I had a thought. Before I was diagnosed I was really into working out pushing my body. For years I would do this but i would train my legs just as hard and nothing. I’m starting to think maybe it was because of my neurological problems that they didn’t get any bigger? Growing up I always did have trouble with my pegs. Whether it was not being able to run not being able to jump. Losing the ability to jump rope. It’s years later but I’m just trying to connect dots. Am I crazy?
At school, I hated sports/ exertion of any kind, I’d much rather curl up with a book I had difficulty jumping rope too. When I did finally want to do regular exercise ( aerobics and badminton back in the 80s), ataxia kicked in and I couldn’t balance So, maybe there was ‘something’ lurking and holding me back right from the start xB
There is always some uncertainty. I do not want to blame the disease for my shortcomings but I want to be accurate and I can’t help but notice certain things.
Well, it is what is. I’ve spent too much time overthinking, trying to reason this thing out… and it only held me back from living the best way I can for now. I’m sure many people cast their minds back, in case there was something they should’ve picked up on earlier and could possibly have had investigated. But, really, how could anyone put two and two together For most of us actual ataxia symptoms become the norm almost before we realise what’s happened, and the best way we can help ourselves is by ‘adjusting’ rather than continually seeking to lay blame I know myself much better now, I know the difference between my own basic shortcomings, and the ataxia symptoms that are challenging xB
I was never any good with sports either. It is very well possible that muscle strength and coordination was always a weak point. I never had muscle definition, although I worked out a lot in the eighties too and was quite strong! I remember showing people how I was never able to pop up a biceps! Something in our genes? Then again, Beryl_Park is right, it doesn’t matter now. All that matters is how we cope…
My Ataxia specialist asked me at the first meeting how I’d been at sports as a child (terrible always)! He wasn’t surprised when I told him. I also asked if trying to build stamina would help- he said not, cos it concerns interruption of nerve signals but never exactly the same pattern twice. So each time you do the movement you’re exercising different muscles…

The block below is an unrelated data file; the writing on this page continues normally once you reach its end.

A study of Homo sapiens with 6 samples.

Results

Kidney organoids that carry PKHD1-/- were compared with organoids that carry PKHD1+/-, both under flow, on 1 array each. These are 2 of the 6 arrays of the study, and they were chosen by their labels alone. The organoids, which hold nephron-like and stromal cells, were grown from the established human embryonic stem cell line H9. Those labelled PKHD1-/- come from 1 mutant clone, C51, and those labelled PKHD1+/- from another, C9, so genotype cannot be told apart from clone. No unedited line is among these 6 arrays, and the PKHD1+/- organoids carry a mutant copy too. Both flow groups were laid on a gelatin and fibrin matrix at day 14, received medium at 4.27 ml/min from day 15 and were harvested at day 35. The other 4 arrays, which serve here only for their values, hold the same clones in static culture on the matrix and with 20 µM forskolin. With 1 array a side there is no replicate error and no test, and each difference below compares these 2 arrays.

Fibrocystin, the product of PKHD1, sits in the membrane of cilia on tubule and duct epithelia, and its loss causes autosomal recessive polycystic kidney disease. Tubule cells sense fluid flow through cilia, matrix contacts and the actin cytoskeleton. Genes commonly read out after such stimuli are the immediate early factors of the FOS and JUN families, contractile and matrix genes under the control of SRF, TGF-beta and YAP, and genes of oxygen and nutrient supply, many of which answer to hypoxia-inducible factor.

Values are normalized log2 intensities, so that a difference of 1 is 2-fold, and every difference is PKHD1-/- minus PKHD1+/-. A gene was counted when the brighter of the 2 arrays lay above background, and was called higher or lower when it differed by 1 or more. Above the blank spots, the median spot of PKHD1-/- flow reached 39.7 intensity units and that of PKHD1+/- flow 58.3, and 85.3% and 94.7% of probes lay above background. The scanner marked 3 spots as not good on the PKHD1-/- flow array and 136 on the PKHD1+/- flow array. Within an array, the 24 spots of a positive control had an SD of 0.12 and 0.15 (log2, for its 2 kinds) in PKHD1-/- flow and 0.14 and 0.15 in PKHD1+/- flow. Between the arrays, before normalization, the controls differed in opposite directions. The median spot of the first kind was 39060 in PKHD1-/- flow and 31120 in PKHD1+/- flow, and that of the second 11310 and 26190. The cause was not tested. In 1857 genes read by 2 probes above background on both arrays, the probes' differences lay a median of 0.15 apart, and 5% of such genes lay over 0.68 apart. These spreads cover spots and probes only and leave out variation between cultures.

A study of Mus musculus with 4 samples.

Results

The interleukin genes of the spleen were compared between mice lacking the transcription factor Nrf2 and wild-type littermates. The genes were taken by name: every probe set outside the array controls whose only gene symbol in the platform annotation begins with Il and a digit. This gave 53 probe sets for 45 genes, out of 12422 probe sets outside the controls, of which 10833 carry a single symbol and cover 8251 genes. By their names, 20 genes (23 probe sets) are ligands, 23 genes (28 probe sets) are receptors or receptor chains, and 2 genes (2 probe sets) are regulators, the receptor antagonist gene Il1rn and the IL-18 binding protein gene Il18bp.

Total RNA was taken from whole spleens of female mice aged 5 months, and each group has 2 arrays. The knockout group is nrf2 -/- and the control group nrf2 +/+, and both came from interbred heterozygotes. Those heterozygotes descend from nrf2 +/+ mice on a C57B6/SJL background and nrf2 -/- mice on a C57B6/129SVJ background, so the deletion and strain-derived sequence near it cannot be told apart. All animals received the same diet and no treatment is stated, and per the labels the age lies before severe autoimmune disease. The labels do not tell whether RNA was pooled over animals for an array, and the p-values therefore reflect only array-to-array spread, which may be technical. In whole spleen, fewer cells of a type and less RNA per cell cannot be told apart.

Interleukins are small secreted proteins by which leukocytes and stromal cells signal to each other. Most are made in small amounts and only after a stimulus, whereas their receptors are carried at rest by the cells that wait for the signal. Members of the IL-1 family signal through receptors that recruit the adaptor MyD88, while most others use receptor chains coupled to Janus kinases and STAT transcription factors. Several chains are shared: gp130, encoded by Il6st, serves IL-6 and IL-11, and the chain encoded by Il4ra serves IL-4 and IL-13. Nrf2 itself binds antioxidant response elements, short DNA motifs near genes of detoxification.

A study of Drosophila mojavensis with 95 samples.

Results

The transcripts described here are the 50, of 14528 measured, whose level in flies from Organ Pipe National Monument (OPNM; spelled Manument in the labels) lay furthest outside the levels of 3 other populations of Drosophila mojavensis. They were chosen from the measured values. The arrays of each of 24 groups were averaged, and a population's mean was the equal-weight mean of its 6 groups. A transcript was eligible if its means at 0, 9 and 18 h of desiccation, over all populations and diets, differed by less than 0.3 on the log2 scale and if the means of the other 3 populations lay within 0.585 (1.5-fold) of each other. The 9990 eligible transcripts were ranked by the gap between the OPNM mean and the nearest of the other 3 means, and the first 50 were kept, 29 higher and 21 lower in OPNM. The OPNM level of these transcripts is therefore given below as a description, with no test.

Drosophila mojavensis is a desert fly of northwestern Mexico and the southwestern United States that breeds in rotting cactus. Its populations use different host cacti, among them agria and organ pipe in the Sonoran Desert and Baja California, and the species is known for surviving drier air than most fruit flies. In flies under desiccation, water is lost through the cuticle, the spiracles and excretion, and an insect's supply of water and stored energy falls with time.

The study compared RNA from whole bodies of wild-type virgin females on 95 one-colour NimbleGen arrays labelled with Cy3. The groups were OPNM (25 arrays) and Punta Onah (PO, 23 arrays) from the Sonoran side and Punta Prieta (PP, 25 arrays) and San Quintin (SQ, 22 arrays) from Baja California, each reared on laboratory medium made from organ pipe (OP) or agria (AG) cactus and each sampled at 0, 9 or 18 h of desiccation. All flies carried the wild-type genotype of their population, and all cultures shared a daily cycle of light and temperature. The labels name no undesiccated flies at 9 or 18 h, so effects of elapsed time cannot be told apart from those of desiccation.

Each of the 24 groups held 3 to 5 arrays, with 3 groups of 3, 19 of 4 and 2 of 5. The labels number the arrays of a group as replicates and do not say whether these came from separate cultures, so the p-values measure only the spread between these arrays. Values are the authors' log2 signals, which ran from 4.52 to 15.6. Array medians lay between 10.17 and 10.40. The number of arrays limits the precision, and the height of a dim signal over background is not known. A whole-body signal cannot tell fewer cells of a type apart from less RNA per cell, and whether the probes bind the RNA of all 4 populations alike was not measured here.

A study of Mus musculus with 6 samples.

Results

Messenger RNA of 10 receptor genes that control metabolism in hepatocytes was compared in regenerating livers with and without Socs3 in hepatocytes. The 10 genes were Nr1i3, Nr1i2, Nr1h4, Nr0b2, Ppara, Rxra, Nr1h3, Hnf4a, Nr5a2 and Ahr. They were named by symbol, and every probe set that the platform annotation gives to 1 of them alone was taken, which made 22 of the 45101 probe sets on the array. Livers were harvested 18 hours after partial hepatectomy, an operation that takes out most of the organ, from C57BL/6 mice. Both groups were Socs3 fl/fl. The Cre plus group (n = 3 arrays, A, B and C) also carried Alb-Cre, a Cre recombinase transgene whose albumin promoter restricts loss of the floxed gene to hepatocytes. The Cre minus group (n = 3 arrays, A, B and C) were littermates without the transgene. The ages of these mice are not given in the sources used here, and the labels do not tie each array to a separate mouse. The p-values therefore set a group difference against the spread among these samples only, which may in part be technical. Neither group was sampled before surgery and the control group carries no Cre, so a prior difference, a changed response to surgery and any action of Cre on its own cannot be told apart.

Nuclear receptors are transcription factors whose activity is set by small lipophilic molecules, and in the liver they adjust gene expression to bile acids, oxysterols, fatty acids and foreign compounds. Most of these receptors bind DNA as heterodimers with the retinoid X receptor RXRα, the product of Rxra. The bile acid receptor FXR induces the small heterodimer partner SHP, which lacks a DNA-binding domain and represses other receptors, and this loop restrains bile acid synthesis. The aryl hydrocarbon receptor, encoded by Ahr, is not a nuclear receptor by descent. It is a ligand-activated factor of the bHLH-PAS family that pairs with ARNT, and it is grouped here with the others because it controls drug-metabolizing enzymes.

So - it’s always been there, but not bad enough to be apparent, and nothing you could have done/will do helps. Sorry if this is depressing
I loved sports but could never start on the whistle… I picked up pace and overtook other runners but ran in a diagonal line!! I always bumped into people walking beside me especially when talking. Tripped up nothing. I could write perfect shorthand outlines but could never achieve a good speed. Typing not so bad although I made lots of errors… wp such a blessing.
It all becomes clear in retrospect. Thank you @Mazy for explaining interruption of nerve signals … I have heard this before but not been able to digest it. Does this mean any exercise is futile?
Exercise generally is good, but don’t over do legs - speak to your neurologist. Mine says that the message doesn’t get through to the right muscles when brain says ‘walk’, so I lurch about instead… I find an Osteopath is good to massage stiff muscles - if you can find one! I use a stick now, which helps with balance a lot and shows that I have a problem - otherwise people would think I am drunk x most unfair as I only take v small amounts of alcohol on special occasions.
Hand to eye generally is **** poor, but I can thread a needle easily first time. I cross stitch as a hobby and enjoy it v much, find your good points and work out how to play to them
It’s many years since I was at your stage @Mazy Mazy but I remember well how useful that advice was to walk with a stick to alert others. I read it on an early ataxia discussion website . called Living With Ataxia, I have at some time in the past [when I had private health insurance] consulted an osteopath and he told me that the brain can be retrained into learning to walk but of course, ataxia is not like recovering from a stroke for instance. As you said, the messages are interrupted. I was told two sticks are better for posture and bought walking canes but that restricts you being able to use one hand at least. Then I moved on to rollator which works well for me at the moment… a tray to carry things and a seat to rest when needed. I too can still thread a needle [75 years old tomorrow!] and manage crochet most of the time but I get tremors when tired.
75! Well done, I thought you were younger than me (60 this year). Crafting is good as something which an be done by all!
I was about same stage as you at 60 @Mazy … I love to hear your ‘thoughts’ so please keep sharing. I am always thinking of ways to describe what’s happening to me. One of the things that I feel is important to me is finding atmosphere, I cant keep my spirits up without experiencing atmosphere and that gives me the motivation to get myself out and about.